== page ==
Duke was founded as an engineering firm in Vancouver in 1919, supplying mechanicals for the long-lost Portland Motor Company. Duke was bought by Portland in 1925, officially becoming their ironwork division (making engine blocks and other cast parts). However, Portland, as primarily a maker of luxury cars, sank during the Great Depression, leaving Duke on their own again. Without any more immediately available contracts, Duke decided to forge their own path in the motoring world, experimenting with various prototypes throughout the rest of the 1930s.
The Second World War saw this experimentation end, and Duke started producing light military vehicles for the British war effort (the US armed forces already had arrangements made with other companies). This move included opening a factory in Manchester, which after the war became their largest production facility. Duke used one of their 1938 prototypes as the basis for a production car after the war; put into production in '47 and simply named “The Duke”, it was popular in northern England due to low shipping costs, but lost the southern market to Melchett, the UK’s largest motor manufacturer, who had been quicker to resume normal services after the war. Duke did not give up, though, and spent the 1950s updating The Duke to be able to compete all over the country. Operations in Canada, meanwhile, were still slow due to Duke’s focus on the UK, but development of an American-market car was underway.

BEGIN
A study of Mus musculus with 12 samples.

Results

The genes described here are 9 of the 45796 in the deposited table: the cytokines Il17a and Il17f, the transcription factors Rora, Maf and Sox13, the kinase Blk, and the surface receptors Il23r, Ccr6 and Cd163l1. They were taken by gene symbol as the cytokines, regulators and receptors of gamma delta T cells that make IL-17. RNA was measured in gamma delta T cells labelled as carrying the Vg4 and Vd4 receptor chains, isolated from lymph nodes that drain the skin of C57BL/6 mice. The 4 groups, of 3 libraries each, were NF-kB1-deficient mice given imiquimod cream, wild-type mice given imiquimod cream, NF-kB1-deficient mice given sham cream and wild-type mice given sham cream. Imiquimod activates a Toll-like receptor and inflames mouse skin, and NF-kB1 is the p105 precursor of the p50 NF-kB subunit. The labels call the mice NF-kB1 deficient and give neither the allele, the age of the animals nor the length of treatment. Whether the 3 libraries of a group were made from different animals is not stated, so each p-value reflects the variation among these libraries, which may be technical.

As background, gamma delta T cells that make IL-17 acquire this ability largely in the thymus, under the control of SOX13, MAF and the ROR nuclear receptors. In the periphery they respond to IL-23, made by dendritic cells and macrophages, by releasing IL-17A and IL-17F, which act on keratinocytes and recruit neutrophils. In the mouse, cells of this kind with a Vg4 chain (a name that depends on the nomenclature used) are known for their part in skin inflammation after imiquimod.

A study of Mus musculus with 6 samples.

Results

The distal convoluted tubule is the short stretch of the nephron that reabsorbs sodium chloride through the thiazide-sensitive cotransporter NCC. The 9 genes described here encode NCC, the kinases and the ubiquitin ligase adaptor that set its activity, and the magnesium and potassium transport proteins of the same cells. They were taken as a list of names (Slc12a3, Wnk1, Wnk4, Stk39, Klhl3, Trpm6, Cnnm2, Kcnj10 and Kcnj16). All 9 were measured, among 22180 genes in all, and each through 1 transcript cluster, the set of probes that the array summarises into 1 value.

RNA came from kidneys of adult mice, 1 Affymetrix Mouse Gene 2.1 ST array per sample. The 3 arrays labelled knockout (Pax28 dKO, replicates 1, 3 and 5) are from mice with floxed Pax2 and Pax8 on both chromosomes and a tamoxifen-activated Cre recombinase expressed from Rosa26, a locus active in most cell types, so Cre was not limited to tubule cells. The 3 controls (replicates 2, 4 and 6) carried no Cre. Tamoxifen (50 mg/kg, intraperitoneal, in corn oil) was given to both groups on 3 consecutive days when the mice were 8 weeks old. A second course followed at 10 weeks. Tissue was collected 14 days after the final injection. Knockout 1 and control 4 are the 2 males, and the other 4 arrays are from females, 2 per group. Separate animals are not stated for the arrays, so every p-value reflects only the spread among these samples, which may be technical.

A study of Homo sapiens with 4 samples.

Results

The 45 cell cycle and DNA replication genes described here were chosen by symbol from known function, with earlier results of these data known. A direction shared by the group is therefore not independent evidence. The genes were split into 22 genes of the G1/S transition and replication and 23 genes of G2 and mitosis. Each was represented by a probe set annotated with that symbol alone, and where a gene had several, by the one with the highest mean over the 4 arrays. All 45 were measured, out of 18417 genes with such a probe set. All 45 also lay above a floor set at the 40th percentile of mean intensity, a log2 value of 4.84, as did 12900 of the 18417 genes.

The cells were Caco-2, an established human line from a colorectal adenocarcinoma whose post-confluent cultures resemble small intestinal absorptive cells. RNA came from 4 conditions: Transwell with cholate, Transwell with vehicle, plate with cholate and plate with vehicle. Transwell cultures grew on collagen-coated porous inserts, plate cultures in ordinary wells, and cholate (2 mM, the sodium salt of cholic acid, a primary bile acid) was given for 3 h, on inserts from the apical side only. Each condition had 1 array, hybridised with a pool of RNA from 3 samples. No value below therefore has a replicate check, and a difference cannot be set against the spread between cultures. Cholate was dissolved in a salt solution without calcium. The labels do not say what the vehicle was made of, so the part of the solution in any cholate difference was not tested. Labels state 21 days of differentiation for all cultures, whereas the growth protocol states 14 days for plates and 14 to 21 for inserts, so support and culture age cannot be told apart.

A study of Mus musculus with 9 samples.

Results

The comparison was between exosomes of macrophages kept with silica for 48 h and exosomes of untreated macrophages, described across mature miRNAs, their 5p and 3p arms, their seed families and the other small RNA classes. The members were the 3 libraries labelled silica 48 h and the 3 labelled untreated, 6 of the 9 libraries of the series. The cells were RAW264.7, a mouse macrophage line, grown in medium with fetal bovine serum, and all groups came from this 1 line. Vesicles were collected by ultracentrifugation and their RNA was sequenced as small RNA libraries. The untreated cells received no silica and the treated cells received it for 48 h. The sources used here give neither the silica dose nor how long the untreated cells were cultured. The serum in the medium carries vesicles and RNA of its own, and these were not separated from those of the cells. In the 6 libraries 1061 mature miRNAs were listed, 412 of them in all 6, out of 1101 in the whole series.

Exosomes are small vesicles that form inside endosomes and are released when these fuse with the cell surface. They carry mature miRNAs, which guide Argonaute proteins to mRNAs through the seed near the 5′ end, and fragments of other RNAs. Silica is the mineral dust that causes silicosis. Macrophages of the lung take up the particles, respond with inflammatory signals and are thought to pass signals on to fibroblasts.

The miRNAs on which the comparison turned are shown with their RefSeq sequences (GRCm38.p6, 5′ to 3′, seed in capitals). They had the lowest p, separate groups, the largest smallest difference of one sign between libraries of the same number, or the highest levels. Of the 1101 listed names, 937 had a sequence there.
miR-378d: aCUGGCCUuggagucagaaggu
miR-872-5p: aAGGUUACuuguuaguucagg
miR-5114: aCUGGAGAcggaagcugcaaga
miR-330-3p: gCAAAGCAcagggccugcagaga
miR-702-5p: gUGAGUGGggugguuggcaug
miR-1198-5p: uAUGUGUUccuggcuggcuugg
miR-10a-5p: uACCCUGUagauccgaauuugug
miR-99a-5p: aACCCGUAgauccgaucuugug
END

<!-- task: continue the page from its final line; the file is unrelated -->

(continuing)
Duke lagged way behind Downton and Melchett, the big two at the time, but was beginning to establish a reputation for making competent, fuss-free, affordable cars. Their big break only came in the 1980s, after the collapse of both Downton and Melchett and once the hype surrounding the other rival, Holborn Motor Engineering, died down. By then foreign rivals were flooding the market, but Holborn and Duke stayed strong, and the latter only grew from that point forward.
Work began on an all-new lineup in 1987- they would be sold worldwide, and their names would be based on their order in the range for simplicity. The first of these models was the Segundo, a hatchback, bustle-back, estate, van and small saloon launched in 1990- it was followed by the B-sector Aprima (1994), D-sector Triad (1995), a small 4x4/MPV called the Quadrant (1995), and the US-market midsize Penta (1996). A larger SUV called the Sextant was to arrive in 2000- notable for being the first Duke to be offered with built-in GPS, but also because in the US it was known instead as the Seismic- Duke’s management perceived the average American to be too unintelligent to understand what a sextant was.
In 2004 two brothers, Eddie and Philip McIntyre, came to the company asking if they could build a sports car. The brothers had tried to resurrect their father’s old sports car company, Phantom, but had had no luck. Duke agreed to give them access to their parts bin and said that if they could have a production-ready car by 2007, they had a deal. This deal produced the Phantom R1, launched at Geneva in 2007 but with more versions to follow.